World war iii over India's most polarising animal? the prime minister can win it. and he must

Published: 14th August 2016 04:00 AM  |   Last Updated: 13th August 2016 11:19 PM   |  A+A-

Late, but when it finally came, the Prime Minister’s denunciation of violence and hatemongering in the name of the cow was unambiguous. In normal circumstances, that should have put an end to the atrocities being committed by self-styled  gau rakshaks. But we do not live in circumstances that can be called normal. Ideologues in the Prime Minister’s own camp have challenged him while the fanatic fringe has turned defiant. This has not happened before, and it bodes ill for the country.

What a pity that the gentle cow is at the centre of this  confrontation. The cow deserves a supra-religious, non-controversial position because it plays a critical role in human well-being. The genius of India’s ancient rishis led to the concept of giving religious sanctity to animals and plants that were indispensable to the progress of mankind. Many of them became objects of “worship”—the banyan, the peepul, the tulsi, the asoka, the coconut, the jasmine and of course the cow. By teaching us to revere these, our forefathers ensured our health and happiness. In other words, they used religion in the most constructive way possible. This also reinforces the theory that Hinduism was not a religion initially, but a way of principled life, sanatana dharma.

Take a casual look at some of the plants and animals we are encouraged to worship. The banyan’s leaves give relief to joint pains, the latex helps cure gum infection and conjunctivitis, the roots fight diarrhoea and pimples, the bark is used to cure skin diseases and mouth ulcers. The peepul emits oxygen. The asoka tree’s leaves, stems and roots are helpful in treating menstrual and related problems of women. The tulsi is a great cleansing agent and helps fight sore throat, respiratory ailments and indigestion. The coconut is a tree every part of which is useful to mankind.

If people were simply told of such medicinal benefits, the response would have been half-hearted at best; such is human psychology. But the same psychology takes a somersault when the exhortation is tied to religion. So the banyan and the peepul found positions of eminence in the epics and the puranas. The auspiciousness of an occasion is not complete without breaking a coconut, the tulsi leaf is mandatory in the worship of Vishnu. And Sita sat under the asoka tree in Lanka.

The cow has a stand-out position in this narrative, with Sri Krishna himself becoming Gopala. Like the banyan and the coconut tree, everything associated with the cow is essential to human beings. Not just milk and ghee and paneer; cowdung is valuable as fuel and as fertiliser; walls plastered with mud-cowdung mix provide natural insulation; cow products are part of the science of ayurveda. The popularisation through religion of the essentials of healthy living must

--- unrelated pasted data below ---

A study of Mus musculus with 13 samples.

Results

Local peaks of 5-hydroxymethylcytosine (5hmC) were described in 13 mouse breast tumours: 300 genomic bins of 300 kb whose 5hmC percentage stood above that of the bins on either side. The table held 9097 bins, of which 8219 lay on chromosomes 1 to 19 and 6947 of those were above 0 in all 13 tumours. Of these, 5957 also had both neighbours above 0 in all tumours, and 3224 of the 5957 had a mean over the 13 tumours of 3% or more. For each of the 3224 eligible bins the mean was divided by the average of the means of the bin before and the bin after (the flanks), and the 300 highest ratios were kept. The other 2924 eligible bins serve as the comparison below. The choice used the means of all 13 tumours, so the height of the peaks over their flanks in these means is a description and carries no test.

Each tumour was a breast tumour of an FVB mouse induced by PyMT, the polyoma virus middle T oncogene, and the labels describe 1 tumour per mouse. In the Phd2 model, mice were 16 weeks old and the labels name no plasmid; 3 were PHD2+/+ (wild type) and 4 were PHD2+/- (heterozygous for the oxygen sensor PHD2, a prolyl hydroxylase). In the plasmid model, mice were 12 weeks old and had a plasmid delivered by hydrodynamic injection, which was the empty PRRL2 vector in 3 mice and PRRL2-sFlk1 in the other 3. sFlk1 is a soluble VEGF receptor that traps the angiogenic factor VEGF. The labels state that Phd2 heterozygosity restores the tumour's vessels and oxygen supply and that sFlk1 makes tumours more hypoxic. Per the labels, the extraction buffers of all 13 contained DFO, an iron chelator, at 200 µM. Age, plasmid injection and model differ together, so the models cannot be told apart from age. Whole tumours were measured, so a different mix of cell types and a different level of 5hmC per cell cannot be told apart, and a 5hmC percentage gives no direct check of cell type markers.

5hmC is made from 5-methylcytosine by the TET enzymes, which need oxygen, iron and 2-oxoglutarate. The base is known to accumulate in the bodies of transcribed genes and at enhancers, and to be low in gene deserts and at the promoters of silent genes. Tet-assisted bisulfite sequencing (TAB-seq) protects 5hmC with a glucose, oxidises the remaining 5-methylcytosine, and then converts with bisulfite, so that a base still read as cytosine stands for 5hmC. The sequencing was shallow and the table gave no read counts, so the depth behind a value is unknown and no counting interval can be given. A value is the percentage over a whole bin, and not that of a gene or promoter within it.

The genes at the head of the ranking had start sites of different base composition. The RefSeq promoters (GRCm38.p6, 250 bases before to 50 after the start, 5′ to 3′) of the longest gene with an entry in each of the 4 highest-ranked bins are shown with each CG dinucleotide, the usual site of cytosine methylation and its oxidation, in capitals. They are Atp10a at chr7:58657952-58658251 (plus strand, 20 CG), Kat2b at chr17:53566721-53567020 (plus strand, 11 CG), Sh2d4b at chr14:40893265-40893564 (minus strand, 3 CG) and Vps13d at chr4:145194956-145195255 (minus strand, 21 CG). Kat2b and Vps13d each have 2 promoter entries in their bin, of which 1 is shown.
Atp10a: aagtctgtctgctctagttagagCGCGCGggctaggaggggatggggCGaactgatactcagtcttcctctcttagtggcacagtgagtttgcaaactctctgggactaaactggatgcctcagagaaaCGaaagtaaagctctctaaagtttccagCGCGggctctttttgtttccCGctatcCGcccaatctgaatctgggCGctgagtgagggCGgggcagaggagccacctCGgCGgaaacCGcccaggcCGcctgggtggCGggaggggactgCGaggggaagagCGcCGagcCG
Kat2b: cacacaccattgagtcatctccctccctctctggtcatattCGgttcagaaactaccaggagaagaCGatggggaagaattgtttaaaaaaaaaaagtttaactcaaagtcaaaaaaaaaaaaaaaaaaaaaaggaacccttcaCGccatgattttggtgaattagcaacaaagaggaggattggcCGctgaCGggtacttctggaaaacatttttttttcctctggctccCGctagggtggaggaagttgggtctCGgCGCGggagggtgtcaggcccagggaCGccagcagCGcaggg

have been a factor in Indian civilisation outlasting most other civilisations such as the Mayan, the Babylonian and the Greek.

Today, however, the wisdom of the sages has given way to the brashness of the dogmatists. Cow protection has come to mean lynchings and ceremonial thrashing of minorities. The televised brutalisation of Dalits in Gujarat went viral at the cost of the ruling dispensation. The cow has emerged as India’s “most polarising animal”, as the BBC once put it.

The atrocities are said to be motivated by votebank politics. In fact they may hurt the BJP’s electoral prospects. Undaunted, the extremists have turned against Narendra Modi. Some right-wing groups even warned of “World War III” if Modi’s promise of strict action was implemented. The Akhil Bharatiya Hindu Mahasabha said it would hold “a buddhi shuddhi yagya across the country to give better sense to the Prime Minister”. Where were these crusaders until two years ago? It was Modi’s victory that gave the zealots the courage to beat and kill people they disapproved.

Modi can ignore their open challenge only at the risk of diminishing himself. It is true that law and order is a state subject. But Modi has a voice, and an impact, that no state government can ignore. He can set an example by making his handpicked, new chief minister of Gujarat punish the men who thrashed Dalits before cameras. Modi was correct in saying that frauds were posing as cow lovers. There are protection rackets and business intrigues behind the cow these days. They need to be crushed. Popular opinion will be with the Prime Minister if he uses his influence to implement the principles he outlined. He can make World War III  glorious.